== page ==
Skyscrapers or high rise buildings probably reflect signs of a growing economy. Occupied towering buildings speak volumes about the standard of living of the people in general, an important mark of a prospering economy. However, recently we came across news paper reports that found out a very unique correlation between rising number of skyscrapers in a country and the health of its economy. The report states that skyscraper construction boom points out an impending economic slowdown. It goes on to say that since high rise buildings are driven by cheaply available capital a sudden construction boom marks a cyclical peak of the credit cycle. And once the peak is reached cheap capital availability becomes an issue thereby triggering liquidity crisis in the future.
It has also provided anecdotal evidence to support its arguments. For instance, the Great Depression coincided with the skyscraper boom in New York. However, we find little merit to the argument of correlation between skyscraper boom and impending recession. While it is true that the increasing number of skyscrapers indicate cheap liquidity is moving into real estate, postulating that it would result in to a crisis in India is rather vague. A crisis erupts when prices turn unaffordable impacting the occupancy and resultantly the liquidity position of a developer. Further, the emergence of a crisis also depends upon how vigilant the banking system is when lending to real estate and also the home buyers.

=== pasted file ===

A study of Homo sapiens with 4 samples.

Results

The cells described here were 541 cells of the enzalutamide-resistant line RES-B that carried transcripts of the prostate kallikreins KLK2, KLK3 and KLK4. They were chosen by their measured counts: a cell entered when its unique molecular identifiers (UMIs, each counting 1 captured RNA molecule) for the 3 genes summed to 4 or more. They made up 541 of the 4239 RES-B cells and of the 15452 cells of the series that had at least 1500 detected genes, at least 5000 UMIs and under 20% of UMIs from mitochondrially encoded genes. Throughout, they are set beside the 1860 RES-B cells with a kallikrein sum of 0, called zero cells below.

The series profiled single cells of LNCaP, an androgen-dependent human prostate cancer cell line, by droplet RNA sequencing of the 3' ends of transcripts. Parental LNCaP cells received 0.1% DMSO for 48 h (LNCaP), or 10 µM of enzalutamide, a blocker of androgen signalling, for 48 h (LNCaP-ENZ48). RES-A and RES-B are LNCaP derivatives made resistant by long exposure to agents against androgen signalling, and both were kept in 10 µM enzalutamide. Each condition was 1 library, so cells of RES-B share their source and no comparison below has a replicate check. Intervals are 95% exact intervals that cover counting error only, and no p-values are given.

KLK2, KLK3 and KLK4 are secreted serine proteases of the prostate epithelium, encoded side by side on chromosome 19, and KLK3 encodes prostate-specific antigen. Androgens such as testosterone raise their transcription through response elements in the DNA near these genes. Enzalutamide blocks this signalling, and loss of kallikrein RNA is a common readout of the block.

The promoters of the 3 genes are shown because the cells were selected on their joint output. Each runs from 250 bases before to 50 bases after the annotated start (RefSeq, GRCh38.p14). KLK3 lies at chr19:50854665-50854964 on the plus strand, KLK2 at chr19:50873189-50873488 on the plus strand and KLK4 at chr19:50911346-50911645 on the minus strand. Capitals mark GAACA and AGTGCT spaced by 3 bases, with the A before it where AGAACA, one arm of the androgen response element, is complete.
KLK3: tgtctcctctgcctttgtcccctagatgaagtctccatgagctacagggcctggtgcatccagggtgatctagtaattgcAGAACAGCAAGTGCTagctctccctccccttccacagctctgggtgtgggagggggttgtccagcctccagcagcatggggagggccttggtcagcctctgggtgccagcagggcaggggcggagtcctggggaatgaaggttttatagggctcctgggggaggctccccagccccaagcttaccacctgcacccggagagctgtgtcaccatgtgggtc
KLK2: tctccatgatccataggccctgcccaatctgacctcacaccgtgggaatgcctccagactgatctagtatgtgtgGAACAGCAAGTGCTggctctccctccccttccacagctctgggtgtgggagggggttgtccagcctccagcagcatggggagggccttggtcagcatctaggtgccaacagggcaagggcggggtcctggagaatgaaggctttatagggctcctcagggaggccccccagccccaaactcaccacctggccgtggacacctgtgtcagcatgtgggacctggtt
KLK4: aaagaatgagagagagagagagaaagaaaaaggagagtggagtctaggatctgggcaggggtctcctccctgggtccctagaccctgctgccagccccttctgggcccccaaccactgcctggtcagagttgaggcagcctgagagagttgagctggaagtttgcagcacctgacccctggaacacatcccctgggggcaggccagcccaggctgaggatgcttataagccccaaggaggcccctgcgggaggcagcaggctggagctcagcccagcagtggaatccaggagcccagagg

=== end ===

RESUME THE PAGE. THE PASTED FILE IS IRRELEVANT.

Further, we believe that a temporary dry spell in volumes can't trigger a long standing crisis. While there have been cases in some parts of India where un-affordability is impacting the volumes considering the shortage of housing units, developers are confident that the demand would return soon. Further, it may be noted that the luxury segment has not been impacted by the price rise to that extent. And with construction cost of sky rise apartments being higher (come under the luxury segment) any subsequent loss in residential occupancy due to pricing issue is ruled out.
However, slowdown in certain sectors like IT and retail (policy issues) would mean the commercial occupancy may be slow on cards with rental yields also expected to suffer. Nonetheless, this more of a temporary thing and the demand would revive once the concerned sectors bounce back.
Lastly, as far as the anecdotal evidence of correlation between rising skyscrapers and the impending slowdown is concerned we believe that it is nothing but a spurious correlation - a type of cofrbi-relation between two variables that does not have any meaningful relationship.